A review of the motion picture Warcraft
Once in a generation, a motion picture masterpiece comes along which changes the way we think about the world. Warcraft is a visually stunning, epic drama which confronts the challenging issues that face us today as a society. Racism, environmentalism, the corruption brought by power and even parenthood are vividly explored in this thought-provoking work. If ever there was – a… single –
I’m sorry, I can’t type any more with a straight face.
This movie is based on a video game, people! A mighty fine game in its day, to be sure, but a game built on the premise that there are good guys (humans) and bad guys (orcs) who just kill each other on sight. Not a lot of social commentary going on there. But really, what did you expect?
My biggest disappointment with Warcraft was that none of the characters actually spoke like the cartoon figures in the game. I really, really wanted a peasant to look up and “Yes, milord… Awright,” before shuffling off to gather resources. And I wanted every knight to say “For the king,” in a deep, booming voice whenever he was clicked.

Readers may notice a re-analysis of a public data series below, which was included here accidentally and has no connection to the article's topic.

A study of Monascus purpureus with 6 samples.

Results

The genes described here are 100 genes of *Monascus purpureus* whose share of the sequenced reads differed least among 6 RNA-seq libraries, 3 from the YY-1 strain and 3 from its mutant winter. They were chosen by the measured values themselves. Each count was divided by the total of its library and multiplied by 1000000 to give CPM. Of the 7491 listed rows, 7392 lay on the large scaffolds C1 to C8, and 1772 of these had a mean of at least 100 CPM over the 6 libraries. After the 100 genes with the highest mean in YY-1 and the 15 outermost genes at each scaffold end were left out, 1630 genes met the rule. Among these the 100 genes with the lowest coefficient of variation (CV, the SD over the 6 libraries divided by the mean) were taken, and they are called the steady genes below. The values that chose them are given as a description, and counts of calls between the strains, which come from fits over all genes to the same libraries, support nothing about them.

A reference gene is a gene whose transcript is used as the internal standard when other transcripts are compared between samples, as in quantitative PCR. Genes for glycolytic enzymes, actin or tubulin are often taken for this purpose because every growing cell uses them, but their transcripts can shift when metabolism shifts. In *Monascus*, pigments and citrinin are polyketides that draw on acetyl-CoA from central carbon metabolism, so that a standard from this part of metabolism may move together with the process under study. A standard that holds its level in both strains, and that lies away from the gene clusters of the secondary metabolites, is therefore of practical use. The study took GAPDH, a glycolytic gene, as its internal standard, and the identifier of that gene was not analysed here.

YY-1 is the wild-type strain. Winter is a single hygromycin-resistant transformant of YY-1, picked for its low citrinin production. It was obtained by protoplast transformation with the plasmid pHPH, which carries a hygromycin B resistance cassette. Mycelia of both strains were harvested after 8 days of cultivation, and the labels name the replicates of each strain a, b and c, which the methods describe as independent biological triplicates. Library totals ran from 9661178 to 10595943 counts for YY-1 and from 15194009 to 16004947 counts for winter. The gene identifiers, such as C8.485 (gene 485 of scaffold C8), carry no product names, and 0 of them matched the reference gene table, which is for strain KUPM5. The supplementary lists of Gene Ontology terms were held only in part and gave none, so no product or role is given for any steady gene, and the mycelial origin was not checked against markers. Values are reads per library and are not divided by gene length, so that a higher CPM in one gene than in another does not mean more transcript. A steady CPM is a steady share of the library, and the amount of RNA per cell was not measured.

Despite these variations from the game’s canon, however, the folks who made this movie did manage to create a pretty entertaining couple of hours for the audience. Now, let me be clear. I went into the theatre with my expectations set even lower than they were for Jurassic World, and consequently I was totally in the right headspace for what Blizzard Entertainment served up for me.
Genuinely stunning visuals, more action than you can shake a severed arm at, and a thunderous musical score that just kept the blood pounding – that is what Warcraft delivered. And I think it’s fair to say that’s exactly what it promised.
So… Maybe Warcraft loses a few marks for artistic genius, and I doubt it will ever be studied in film schools. But it was entertaining as anything, and on a scale of 1 to 10 for taking a 90’s video game and turning it into a feature film, this baby is dialled up to 11.